The role of the CMO is forever in a state of flux, to adapt we must be open to the forces that are shaping the digital world we and our customers operate in today.

The changing metrics required to support omni-channel organisations has meant that the traditional Marketing Director role is now outdated, some might say redundant.

The need to become deeply embedded in the entire business enterprise operating more as a ‘Chief Change Maker’ has created the requirement for a number of unique skills to sit alongside all business touch-points.

According to a recent report by Forrester, 88% of organizations agree that the role of the CMO has changed in the last couple of years, and will continue to change over the next two years.

In a world of rapidly advancing technology, changing customer attitudes, and unpredictable trends, marketing is evolving at lightning speed. The role of the CMO must also change to fit the changing needs of modern organizations, overseeing not only branding and marketing activities but also business growth and customer experience.

Today the pressure on the traditional CMO is changing due to the rapid developments, and adoption by the consumer, not of devices or other forms of technology, but social interactions.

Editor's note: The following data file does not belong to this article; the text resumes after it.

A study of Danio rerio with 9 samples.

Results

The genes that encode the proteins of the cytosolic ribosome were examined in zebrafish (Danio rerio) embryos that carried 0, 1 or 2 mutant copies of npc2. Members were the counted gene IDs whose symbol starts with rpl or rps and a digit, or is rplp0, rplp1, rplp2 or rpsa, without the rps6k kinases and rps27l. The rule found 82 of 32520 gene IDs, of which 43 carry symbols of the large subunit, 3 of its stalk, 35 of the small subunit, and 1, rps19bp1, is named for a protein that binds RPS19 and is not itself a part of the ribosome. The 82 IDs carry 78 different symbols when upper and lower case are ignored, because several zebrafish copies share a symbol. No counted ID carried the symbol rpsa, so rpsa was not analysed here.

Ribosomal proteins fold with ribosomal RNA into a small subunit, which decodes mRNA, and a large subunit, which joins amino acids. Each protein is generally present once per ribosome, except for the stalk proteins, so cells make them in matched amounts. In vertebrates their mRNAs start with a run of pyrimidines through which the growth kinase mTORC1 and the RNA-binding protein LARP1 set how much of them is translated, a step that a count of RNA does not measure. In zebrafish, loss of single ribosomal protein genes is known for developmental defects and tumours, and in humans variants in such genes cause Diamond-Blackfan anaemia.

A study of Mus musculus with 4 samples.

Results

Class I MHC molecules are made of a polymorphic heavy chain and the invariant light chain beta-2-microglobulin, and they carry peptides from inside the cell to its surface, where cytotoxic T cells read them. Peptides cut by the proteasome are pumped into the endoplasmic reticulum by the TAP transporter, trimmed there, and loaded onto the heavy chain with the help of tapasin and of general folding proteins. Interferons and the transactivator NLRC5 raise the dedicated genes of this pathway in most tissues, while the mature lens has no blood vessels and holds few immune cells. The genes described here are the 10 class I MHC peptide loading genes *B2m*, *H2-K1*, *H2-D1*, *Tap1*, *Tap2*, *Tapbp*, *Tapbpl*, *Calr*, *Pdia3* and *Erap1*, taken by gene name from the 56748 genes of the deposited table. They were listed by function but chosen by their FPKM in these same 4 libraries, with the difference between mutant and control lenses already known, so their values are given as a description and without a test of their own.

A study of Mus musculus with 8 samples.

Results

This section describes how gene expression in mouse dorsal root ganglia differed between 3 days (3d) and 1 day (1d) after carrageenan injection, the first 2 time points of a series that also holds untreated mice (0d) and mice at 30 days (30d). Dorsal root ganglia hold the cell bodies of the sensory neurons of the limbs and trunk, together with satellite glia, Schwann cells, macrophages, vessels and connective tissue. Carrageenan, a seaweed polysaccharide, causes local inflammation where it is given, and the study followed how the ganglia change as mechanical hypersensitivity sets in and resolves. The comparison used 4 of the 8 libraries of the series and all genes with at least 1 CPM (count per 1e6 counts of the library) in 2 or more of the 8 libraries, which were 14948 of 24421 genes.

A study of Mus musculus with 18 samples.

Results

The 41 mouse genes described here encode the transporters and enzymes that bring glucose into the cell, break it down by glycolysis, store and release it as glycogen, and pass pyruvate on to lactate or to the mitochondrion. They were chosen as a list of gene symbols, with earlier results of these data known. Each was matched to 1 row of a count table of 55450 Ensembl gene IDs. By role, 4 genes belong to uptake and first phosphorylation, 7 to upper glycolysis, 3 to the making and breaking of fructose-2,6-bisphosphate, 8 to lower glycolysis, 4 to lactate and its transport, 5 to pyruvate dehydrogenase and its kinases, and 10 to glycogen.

For the many CMO laggards who continue to use social media as a place to continue with the 'intrusive advertise and promote' thinking that's served them in fraudulent ad tech land are rapidly finding themselves, and their organisations being turned off by the digitally savvy, socially connected consumer which has now reached a global audience of 3.5 Billion as at July 2019, with ad fraud taking between 50% - 70% of the marketing budget, and Ad blocking providing a brick wall for those intrusive ads, just how do they stay in the role, and relevant to the company?

The innovative and growth mindset CMO must be open to understand how to best use Social Media and unleash all its 'Superpowers' to assist in business transformation, and achieve those ambitious growth targets.

To do this means a move away from the 'advertise, intrude, and promote' thinking that's already turning today's consumer off.